The question of health care is not one of rights but of how best in practice to organize it. America is certainly not a perfect model in this regard. But neither is Britain, where a universal right to health care has been recognized longest in the Western world.And the paupers here tend to accept what we are given. The only way to combat the chaos of universal (i.e. government-run) health care is to exercise what remains of our liberty and vote the control freaks out of office.
Not coincidentally, the U.K. is by far the most unpleasant country in which to be ill in the Western world. Even Greeks living in Britain return home for medical treatment if they are physically able to do so.
The government-run health-care system -- which in the U.K. is believed to be the necessary institutional corollary to an inalienable right to health care -- has pauperized the entire population. This is not to say that in every last case the treatment is bad: A pauper may be well or badly treated, according to the inclination, temperament and abilities of those providing the treatment. But a pauper must accept what he is given.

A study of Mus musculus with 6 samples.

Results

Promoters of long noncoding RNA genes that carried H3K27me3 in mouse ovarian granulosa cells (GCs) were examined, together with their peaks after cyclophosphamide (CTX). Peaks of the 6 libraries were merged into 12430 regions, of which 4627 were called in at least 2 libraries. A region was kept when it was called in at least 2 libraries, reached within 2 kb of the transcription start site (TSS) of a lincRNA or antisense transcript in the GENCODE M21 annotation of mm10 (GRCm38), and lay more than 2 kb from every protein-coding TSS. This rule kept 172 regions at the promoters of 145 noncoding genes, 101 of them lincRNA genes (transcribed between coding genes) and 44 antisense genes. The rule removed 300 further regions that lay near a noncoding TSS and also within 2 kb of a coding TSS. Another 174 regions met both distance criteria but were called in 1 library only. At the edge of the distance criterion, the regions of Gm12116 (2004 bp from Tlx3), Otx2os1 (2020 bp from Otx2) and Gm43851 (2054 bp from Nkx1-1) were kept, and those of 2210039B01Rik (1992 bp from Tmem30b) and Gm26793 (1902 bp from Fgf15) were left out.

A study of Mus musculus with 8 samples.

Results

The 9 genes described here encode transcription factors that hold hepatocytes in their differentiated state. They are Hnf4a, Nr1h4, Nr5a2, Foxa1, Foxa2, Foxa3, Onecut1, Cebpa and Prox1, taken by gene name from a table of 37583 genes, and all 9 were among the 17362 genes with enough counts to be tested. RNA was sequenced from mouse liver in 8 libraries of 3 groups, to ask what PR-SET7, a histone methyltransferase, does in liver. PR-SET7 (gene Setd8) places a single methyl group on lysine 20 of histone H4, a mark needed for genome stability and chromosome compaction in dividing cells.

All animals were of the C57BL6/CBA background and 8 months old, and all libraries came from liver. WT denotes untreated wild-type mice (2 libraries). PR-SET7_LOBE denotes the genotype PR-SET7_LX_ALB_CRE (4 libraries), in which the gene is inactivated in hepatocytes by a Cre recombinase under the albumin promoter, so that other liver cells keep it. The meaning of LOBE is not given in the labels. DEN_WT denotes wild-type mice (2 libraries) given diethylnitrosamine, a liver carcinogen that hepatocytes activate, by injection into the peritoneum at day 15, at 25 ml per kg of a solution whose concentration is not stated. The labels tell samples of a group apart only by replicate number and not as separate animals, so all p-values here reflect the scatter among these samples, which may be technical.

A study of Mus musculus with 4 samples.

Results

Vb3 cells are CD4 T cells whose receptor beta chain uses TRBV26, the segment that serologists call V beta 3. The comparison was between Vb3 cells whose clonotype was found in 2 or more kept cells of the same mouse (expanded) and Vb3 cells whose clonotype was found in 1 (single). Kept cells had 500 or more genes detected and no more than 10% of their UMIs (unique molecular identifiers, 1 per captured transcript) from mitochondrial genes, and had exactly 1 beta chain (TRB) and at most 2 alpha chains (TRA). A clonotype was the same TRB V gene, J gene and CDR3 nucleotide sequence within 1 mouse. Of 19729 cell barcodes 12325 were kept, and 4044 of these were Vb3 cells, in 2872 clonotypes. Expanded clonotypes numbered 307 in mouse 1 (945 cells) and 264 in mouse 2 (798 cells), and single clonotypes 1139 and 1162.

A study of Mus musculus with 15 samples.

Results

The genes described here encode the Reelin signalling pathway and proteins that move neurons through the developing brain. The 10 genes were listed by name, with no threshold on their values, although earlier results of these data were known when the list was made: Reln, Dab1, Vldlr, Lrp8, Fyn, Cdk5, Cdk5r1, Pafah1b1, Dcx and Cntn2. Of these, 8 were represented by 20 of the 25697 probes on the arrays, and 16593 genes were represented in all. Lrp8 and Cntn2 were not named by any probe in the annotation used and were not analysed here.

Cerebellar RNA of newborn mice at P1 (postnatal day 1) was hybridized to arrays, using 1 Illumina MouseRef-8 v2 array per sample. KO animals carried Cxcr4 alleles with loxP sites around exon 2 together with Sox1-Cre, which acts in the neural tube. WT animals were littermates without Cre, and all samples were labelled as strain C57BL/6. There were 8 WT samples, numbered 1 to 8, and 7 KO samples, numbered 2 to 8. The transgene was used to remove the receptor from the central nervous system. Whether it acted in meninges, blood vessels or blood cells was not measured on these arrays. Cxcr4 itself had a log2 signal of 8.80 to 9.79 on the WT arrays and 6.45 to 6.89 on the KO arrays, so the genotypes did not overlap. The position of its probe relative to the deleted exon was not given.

If, however, universal health care is forced upon us, I would hope that freedom-loving doctors, patients, insurers, and employers will choose to ignore the dictates of Washington. Since neither the president nor members of Congress have the constitutional authority to manage our health care, we are under no moral obligation to comply. That's easier said than done, but perhaps we Americans have had it too easy for too long.